Signs hang on the end of the stage in front of three empty chairs, a microphone, and a screen. Some people sit in chairs in front of the stage, chatting, at right.
Jose Davila IV
Signs demonstrating opposition to a possible Incline Middle School closure hang on the end of the stage in the Duffield Theatre at Incline High School before the start of the meeting on May 3, 2023 in Incline Village, Nev.

At a Wednesday evening meeting, Incline Village residents loudly voiced their concerns about the possible closure of Incline Middle School and criticized Washoe County School District’s process of gathering input.

Last month, the school district hosted a meeting where it shared possible options to address what it calls declining enrollment and aging infrastructure at its three schools in Incline Village. That meeting turned fiery and as a result, the district set up Wednesday’s meeting to hear more comments and gather additional information from village residents.

The second meeting was just as tense as community members roundly criticized the school district for how it has handled the process and the option on the table to move seventh and eighth graders to the high school and sixth graders to the elementary school.

Kristina Zuvic is an Incline Village parent. In regards to the possible closure, she echoed a major concern for the safety of younger students at the high school.

“I think part of us are very fearful of the younger kids being exposed to what the high school students have been prepared to deal with,” she said.

Residents were also frustrated with the lack of communication about the start of the process, the fact that officials did not bring much new information to the meeting, and that the district still has not answered many of their questions from the initial meeting.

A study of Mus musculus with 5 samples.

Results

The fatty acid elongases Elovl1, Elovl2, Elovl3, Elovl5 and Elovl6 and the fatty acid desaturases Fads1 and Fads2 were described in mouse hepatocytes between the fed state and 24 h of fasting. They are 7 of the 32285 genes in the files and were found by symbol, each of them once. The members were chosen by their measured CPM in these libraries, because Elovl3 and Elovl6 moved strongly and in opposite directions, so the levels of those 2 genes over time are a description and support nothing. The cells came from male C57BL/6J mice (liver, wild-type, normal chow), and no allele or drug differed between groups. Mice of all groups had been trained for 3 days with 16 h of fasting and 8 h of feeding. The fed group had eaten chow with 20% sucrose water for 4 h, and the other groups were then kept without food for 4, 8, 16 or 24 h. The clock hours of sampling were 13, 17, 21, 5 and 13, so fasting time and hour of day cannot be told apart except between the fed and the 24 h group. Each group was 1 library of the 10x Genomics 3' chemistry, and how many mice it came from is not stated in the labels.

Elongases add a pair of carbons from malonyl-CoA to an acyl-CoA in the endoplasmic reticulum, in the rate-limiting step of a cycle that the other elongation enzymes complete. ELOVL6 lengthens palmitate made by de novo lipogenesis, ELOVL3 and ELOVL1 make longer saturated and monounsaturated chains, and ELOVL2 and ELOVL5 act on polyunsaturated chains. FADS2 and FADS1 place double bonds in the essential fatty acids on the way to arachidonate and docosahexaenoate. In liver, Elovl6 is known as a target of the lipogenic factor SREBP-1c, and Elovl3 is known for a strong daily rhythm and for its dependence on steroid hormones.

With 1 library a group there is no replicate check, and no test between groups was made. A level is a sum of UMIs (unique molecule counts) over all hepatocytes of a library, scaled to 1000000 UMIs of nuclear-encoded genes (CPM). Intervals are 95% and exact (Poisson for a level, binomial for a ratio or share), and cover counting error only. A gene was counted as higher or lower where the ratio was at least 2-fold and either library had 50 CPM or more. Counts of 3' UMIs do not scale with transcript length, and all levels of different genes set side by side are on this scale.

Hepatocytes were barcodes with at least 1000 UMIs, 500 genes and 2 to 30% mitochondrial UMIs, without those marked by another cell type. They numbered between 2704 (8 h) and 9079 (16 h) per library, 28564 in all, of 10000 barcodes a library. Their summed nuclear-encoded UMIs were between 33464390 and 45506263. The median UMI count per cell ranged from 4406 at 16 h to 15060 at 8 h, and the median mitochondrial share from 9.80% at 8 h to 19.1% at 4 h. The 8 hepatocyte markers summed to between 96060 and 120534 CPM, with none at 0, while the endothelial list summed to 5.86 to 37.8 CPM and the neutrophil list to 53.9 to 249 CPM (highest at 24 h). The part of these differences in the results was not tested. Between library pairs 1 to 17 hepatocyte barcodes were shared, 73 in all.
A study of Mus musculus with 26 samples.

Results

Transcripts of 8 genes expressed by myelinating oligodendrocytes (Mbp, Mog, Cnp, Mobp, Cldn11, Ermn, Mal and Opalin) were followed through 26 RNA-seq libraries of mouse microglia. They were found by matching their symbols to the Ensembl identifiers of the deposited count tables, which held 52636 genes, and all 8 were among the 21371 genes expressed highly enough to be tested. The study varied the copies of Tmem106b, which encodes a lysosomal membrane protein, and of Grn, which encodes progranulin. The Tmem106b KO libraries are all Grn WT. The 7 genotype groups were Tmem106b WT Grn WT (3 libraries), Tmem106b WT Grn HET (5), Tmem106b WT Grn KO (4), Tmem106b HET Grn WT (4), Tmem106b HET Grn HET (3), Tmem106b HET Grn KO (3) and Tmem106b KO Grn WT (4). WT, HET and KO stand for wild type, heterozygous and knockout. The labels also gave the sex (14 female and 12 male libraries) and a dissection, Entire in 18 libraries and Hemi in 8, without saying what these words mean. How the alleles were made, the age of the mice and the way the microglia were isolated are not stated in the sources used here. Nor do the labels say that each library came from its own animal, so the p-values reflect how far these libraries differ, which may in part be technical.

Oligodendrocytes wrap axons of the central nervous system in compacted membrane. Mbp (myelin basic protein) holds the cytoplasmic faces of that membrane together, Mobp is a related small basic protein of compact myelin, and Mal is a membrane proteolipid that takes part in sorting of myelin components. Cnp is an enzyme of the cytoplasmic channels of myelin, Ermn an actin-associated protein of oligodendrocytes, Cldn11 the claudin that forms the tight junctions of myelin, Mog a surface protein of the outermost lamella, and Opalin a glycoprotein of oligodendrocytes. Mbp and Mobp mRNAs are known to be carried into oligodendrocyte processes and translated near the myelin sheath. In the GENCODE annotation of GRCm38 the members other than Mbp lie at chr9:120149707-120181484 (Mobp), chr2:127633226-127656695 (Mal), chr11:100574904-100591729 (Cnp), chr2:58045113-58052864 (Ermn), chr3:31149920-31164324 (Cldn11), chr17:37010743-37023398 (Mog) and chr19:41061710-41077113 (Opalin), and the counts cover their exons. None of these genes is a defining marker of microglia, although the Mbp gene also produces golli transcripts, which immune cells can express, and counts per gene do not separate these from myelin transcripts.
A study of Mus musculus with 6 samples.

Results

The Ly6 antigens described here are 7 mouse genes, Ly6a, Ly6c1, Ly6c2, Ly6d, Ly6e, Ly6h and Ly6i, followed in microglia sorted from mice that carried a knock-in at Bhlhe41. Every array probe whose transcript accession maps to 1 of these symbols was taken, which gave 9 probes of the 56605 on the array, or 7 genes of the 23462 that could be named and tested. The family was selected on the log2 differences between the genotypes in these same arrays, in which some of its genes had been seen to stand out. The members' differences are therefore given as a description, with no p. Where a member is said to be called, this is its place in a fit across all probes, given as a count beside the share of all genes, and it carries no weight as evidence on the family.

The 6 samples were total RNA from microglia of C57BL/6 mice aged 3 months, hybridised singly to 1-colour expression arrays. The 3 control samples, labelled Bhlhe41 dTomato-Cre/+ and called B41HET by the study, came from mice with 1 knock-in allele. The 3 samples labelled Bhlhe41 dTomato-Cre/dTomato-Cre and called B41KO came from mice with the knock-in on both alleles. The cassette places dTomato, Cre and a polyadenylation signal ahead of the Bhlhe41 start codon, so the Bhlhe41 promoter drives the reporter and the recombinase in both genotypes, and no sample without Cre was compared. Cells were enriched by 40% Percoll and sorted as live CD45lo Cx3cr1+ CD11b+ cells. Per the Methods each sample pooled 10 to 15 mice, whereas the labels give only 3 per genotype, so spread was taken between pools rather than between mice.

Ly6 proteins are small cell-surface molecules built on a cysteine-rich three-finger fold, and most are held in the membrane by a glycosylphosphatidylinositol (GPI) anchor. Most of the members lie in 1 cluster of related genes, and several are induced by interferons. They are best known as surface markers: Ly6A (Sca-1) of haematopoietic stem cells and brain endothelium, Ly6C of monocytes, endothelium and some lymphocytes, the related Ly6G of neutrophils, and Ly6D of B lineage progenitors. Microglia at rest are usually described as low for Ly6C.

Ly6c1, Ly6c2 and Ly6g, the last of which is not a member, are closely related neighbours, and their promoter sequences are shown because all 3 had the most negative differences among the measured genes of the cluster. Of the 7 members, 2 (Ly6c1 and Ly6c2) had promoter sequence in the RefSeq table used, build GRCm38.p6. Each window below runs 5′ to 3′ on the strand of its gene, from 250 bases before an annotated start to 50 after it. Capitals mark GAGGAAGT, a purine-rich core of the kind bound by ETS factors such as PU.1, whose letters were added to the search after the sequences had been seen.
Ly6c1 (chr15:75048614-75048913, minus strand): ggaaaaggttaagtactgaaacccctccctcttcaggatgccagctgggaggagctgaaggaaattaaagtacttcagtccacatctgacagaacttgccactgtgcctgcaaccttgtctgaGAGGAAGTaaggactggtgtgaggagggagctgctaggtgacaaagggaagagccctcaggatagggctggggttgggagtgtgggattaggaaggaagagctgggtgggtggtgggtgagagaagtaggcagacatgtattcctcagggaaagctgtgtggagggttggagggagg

They also shared that the pre-kindergarten population in the town seems to be booming, calling into question the district’s focus on declining enrollment. Multiple residents shared anecdotes from local daycares about current waiting lists.

WCSD Board of Trustees President Beth Smith defended how the district approached the second meeting.

“We did talk about, ‘Do we come with more data right now?‘” and we didn’t feel that was the right time. There was still more listening that needed to happen,” she said. “And some really good questions that came out tonight and how can we have a fact sheet if we don’t have all of the knowledge that the community wants to share with us?”

Smith promised that a fact sheet addressing questions about enrollment and facilities would be distributed before the end of the school year.

Jose Davila IV is a corps member for Report for America, an initiative of the GroundTruth Project.

Jose Davila IV reports on K-12 education with a focus on Latino students and families in Northern Nevada and the Eastern Sierra. He is also a first-year Report for America corps member. Es bilingüe, su familia es de Puerto Rico, y ama los tostones de su padre más que nada.